August 30, 2012
Buddhist practice and Buddhist art have been inseparable in the Himalayas ever since Buddhism arrived to the region in the eighth century. But for the casual observer it can be difficult to make sense of the complex iconography. Not to worry—Himalayan art scholar Jeff Watt is here to help. In this "Himalayan Buddhist Art 101" series, Jeff is making sense of this rich artistic tradition by presenting weekly images from the Himalayan Art Resources archives and explaining their roles in the Buddhist tradition.
This week Jeff examines the four styles of hats in religious paintings.
Himalayan Buddhist Art 101: Hats in Religious Paintings
Hats are one of the most unique and interesting features of Himalayan and Tibetan art. They are also the most important item to look for when trying to identify religious teachers in paintings and sculpture. Buddhism and Bon have their own distinct hats, and there is an almost endless variety of colors, shapes, and styles. Luckily for the novice iconographer and student of religious traditions, the hats can be easily separated into four basic styles.
The oldest and most common style of hat is the Pandita hat, believed to have originated in India. The hat is round in shape and tapers upward to either a small or steep point. It covers the ears at the sides with long lappets which hang down over the shoulders. The hat is common to all of the various Buddhist traditions and schools. Generally it is only worn by monks and signifies an advanced level of education. This hat is the principle head covering of the Sakya, Shangpa, Jonang, and Gelug traditions. In recent centuries the Sakya tradition has adopted the convention of folding the lappets upward and and over the crown of the hat, creating a triangular banded appearance. For most traditions the hat is typically red, though the Gelug tradition uses a yellow Pandita hat borrowed from the preferred style of Shalu monastery.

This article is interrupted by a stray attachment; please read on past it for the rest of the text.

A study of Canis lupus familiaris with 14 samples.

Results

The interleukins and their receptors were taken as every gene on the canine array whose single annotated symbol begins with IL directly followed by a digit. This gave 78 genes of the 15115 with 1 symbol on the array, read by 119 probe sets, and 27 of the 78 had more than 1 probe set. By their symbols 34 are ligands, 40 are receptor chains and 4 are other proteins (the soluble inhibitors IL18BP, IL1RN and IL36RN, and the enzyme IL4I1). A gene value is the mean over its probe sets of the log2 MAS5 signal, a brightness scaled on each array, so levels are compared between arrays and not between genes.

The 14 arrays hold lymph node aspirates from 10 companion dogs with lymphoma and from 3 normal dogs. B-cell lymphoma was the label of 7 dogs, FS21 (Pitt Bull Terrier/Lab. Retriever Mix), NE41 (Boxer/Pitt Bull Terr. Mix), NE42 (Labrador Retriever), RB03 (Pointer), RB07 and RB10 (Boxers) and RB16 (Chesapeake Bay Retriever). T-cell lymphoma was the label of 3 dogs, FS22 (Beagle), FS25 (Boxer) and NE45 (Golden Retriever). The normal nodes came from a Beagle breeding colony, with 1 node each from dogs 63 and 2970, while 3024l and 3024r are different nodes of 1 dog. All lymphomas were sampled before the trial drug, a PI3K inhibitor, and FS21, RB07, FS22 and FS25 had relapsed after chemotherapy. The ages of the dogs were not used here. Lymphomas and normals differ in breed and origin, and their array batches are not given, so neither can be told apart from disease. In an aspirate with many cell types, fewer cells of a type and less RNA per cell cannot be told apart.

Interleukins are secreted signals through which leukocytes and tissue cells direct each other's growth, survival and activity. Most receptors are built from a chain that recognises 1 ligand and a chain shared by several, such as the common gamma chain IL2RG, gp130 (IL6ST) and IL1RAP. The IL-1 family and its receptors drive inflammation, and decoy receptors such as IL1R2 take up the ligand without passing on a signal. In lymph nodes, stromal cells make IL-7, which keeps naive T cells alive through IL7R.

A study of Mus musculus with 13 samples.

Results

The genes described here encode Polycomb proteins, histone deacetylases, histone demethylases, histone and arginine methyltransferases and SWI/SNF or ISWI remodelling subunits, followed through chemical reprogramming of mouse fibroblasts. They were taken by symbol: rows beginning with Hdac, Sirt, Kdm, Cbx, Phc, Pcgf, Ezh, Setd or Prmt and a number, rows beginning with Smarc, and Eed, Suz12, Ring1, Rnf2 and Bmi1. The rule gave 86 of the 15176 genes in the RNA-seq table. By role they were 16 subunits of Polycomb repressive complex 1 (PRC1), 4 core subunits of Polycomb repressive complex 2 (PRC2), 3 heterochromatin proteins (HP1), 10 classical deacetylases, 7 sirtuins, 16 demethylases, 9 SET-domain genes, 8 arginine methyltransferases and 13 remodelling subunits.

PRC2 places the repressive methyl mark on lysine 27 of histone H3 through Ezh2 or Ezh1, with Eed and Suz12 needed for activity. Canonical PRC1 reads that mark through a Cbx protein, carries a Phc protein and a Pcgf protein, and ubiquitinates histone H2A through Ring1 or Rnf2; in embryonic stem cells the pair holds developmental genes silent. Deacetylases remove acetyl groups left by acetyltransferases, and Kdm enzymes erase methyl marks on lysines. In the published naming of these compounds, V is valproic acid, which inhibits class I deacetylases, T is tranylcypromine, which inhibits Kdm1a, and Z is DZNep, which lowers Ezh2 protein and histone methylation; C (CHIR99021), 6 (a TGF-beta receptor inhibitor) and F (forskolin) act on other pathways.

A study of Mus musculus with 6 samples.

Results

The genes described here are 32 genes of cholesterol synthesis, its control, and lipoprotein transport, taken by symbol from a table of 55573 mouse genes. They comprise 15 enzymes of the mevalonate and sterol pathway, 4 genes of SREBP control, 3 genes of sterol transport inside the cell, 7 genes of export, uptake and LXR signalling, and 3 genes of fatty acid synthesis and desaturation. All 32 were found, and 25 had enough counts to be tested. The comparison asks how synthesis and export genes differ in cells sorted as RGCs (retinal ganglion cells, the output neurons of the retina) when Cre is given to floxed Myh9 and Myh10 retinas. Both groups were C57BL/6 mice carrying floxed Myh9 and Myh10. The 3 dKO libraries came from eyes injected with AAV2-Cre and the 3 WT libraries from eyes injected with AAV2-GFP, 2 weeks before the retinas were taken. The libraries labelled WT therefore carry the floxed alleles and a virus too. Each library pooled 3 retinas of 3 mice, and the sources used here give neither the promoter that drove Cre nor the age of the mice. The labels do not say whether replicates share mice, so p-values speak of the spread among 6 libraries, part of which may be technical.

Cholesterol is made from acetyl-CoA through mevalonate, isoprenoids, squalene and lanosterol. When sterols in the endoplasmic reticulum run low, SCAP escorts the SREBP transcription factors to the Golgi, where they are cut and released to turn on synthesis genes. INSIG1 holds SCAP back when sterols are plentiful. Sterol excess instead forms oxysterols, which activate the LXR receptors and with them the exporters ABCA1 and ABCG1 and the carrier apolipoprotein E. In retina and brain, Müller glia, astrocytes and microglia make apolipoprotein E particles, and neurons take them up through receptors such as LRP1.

The second style is the Lotus hat made famous by Padmasambhava, one of the three popularly credited founders of Buddhism in Tibet. This hat is similar to the Pandita hat in basic shape but without the lappets. The sides of the multi-colored hat are folded up and the garment is decorated with ornate ribbons and a half vajra ornament at the top, and some have a bird feather above the vajra. The Lotus is the principal hat of the Nyingma tradition and can be worn by either monks or lay teachers. There are many varieties of Lotus hat, some are small and some are very large with a variety of ornamentation depending on the particular Nyingma tradition. The Payul branch of Nyingma has a unique Lotus hat that can be identified by the long lappets that hang down over the shoulders.
The third style is the Fan-like hat popularized by Gampopa Sonam Rinchen. The hat is tall and very broad like a fan with wide lappets that hang down on the sides and extend almost to the shoulders. Often the lappets are folded upward creating an even more fan-like appearance. The hats are almost always red and are the principal head attire of most of the Kagyu traditions, except for the Karma Kagyu. Fan-like hats are not generally found with any of the other Buddhist tradition and remain unique to the Dagpo Kagyu traditions descending from Gampopa.
The fourth style is the Cap, and just as caps in the West are generally small and just cover the top of the head, so it is with the Tibetan cap. The small size and lack of excessive ornamentation or side flaps define the Cap style. Caps are the principal head attire of the Karma Kagyu tradition of Tibetan Buddhism. The most famous cap is the black hat worn by the Karmapa line of teachers. From the time of the 5th Karmapa there have been two styles of black hat: a simple traditional hat and and a very ornate black hat. Other caps of the Karma Kagyu include the red hat worn by the Shamarpa, and the red, orange, and green speckled hats worn by other ranked teachers. Caps are also worn by other Kagyu traditions, and sometimes by members of the Nyingma, Sakya and Jonangs traditions, but to a much lesser degree than in the Karma Kagyu tradition.
A knowledge of the different styles of hats is an essential tool in the study of Buddhist iconography. Recognizing the hats of Tibetan teachers is the most important key to identifying the different religious traditions and individual figures in traditional paintings.
For more on hats of the Himalayas, click here.